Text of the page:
Friday, November 16, 2007

The Other "E" Word

There's everything. There's evolution. But the key to the New Story may be an e word lurking in the shadows. It's emergence, the subject of a book by Harold Morowitz entitled The Emergence of Everything, the second in our series of "Everything" books. Emergence is evolution on steroids.

The concept of emergence addresses how you put elements together and wind up with something more. Take two hydrogen atoms, add one of oxygen, and you get something cool to drink on a hot summer day. That's more than dihydrogen oxide. Run hydrogen atoms through a series of emergences, do it over 13 billion years, and you get a whole lot more. You get us.

It works something like this. To my right is a dot. It's an element, the simplest of beginnings.

Now here's the dot combined with others. If I asked what you were looking at, you'd probably say "an x." That's more than dots; it's a letter of the alphabet. The letter is an emergent-- like water, or like a living cell that arises from a collection of chemicals.

Take it to the next level. Arrange the x's a certain way and you get a second emergent, this time a triangle. The dots are still there (very small now), the x's are still there, but now there's something new--a whole that is greater than the sum of its parts. Next week's author, Ken Wilber, calls it a holon. A holon isn't reducible to dots.

In a Story of Everything--the New version--you substitute Matter, Life, and Spirit for dot, x, and triangle. Life emerges from Matter. Spirit emerges from Life. Each is more complex than what preceded it. As the narrative of the cosmos moves along, the emergents become richer, more interior, more subjective, deeper--until you have something called Mind or even Spirit.

Harold Morowitz is a biophysicist involved in the study of life's origins. But in The Emergence of Everything he writes as more than a biophysicist. Every now and then you hear the voice of a philosopher, even a theologian. This is a whole person speaking, one who wants to "go beyond the obvious" and align himself with those who seek nothing less than to "know the mind of God." Morowitz regards his "speculative scholarship" as a calling.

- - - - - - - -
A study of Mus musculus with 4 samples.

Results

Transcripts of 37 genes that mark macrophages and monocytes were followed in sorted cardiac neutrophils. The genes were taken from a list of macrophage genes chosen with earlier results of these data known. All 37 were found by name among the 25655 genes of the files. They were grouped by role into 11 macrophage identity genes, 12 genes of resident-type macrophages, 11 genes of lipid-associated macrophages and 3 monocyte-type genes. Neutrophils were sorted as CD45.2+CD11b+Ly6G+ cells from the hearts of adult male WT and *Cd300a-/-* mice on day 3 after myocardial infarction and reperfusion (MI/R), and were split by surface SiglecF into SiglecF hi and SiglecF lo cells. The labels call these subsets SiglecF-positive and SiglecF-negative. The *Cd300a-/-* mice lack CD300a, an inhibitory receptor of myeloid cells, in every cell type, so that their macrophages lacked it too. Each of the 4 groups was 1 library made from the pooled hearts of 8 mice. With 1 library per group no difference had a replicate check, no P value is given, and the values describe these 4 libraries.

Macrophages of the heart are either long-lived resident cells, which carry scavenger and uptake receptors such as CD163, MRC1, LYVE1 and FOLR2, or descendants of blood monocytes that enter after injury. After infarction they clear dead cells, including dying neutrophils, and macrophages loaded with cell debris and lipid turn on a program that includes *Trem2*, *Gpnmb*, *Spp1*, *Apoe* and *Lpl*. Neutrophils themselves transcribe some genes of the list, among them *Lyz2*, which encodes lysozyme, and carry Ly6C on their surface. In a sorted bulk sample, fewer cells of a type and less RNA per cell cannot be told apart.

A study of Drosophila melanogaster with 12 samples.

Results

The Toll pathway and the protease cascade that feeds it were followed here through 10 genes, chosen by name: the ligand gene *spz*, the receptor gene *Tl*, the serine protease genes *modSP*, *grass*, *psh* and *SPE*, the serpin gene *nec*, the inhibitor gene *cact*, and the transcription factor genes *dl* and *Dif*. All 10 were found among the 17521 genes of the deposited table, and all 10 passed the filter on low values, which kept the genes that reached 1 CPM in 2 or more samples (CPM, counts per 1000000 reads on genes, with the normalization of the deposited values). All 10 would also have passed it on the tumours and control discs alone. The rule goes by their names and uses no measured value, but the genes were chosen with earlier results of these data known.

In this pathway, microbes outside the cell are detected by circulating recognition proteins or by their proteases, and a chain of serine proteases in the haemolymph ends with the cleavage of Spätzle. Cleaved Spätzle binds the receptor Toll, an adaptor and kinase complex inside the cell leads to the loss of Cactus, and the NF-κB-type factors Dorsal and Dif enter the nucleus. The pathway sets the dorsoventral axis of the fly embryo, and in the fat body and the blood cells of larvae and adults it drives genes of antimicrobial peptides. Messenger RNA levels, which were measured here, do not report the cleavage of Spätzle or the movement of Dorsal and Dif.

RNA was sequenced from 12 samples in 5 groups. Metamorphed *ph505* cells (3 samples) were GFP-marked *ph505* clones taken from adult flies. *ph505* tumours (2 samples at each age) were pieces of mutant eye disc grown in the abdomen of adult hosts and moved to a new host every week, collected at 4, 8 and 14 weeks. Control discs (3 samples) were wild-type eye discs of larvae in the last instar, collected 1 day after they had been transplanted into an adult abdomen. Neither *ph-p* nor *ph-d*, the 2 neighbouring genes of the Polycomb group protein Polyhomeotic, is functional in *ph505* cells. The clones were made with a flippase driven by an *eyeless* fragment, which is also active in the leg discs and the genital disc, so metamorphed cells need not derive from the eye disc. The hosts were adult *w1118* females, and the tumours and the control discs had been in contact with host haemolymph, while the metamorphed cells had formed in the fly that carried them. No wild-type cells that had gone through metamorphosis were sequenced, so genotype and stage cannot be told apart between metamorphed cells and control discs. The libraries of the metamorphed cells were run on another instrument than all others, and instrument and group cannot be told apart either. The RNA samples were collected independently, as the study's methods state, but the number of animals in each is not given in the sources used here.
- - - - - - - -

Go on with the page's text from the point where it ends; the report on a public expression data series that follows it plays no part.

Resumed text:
How many emergents have arisen in the history of the cosmos? It all depends on how closely you look. Somewhat arbitrarily, Morowitz picks 28, from the formation of particles, stars, and solar systems to the formation of hominids, tools, language, and philosophy.

Emergence number 28, underway now, is Spirit, and here Morowitz acknowledges a debt to the vision of Teilhard de Chardin, the Jesuit paleontologist. Spirit is not defined, except to say that it goes beyond Mind, or Teilhard's "noosphere." Call me a heretic, says Morowitz, but as we emerge so does God. In a phrase whose meaning escapes me, he repeats, "We are the transcendence of the immanent God." He simplifies once: "We are God."

To be sure, the God that comes at the end of the story isn't the God of our traditional faiths. But Morowitz contends that science has forced us to rethink God. God cannot be a one-time creator nor can he ever rest, as on the seventh day in the Genesis narrative. He cannot rest because creation continues to occur. Each new emergent is in fact a new creation.

The subtitle of Morowitz's book--in places dense, in places accessible--is How the World Became Complex. What I'd like to know is why the world became complex, why evolution proceeds in the direction it does. I imagine that Morowitz would like to know this too. That, after all, is the nature of his calling. He wants to know the mind of God.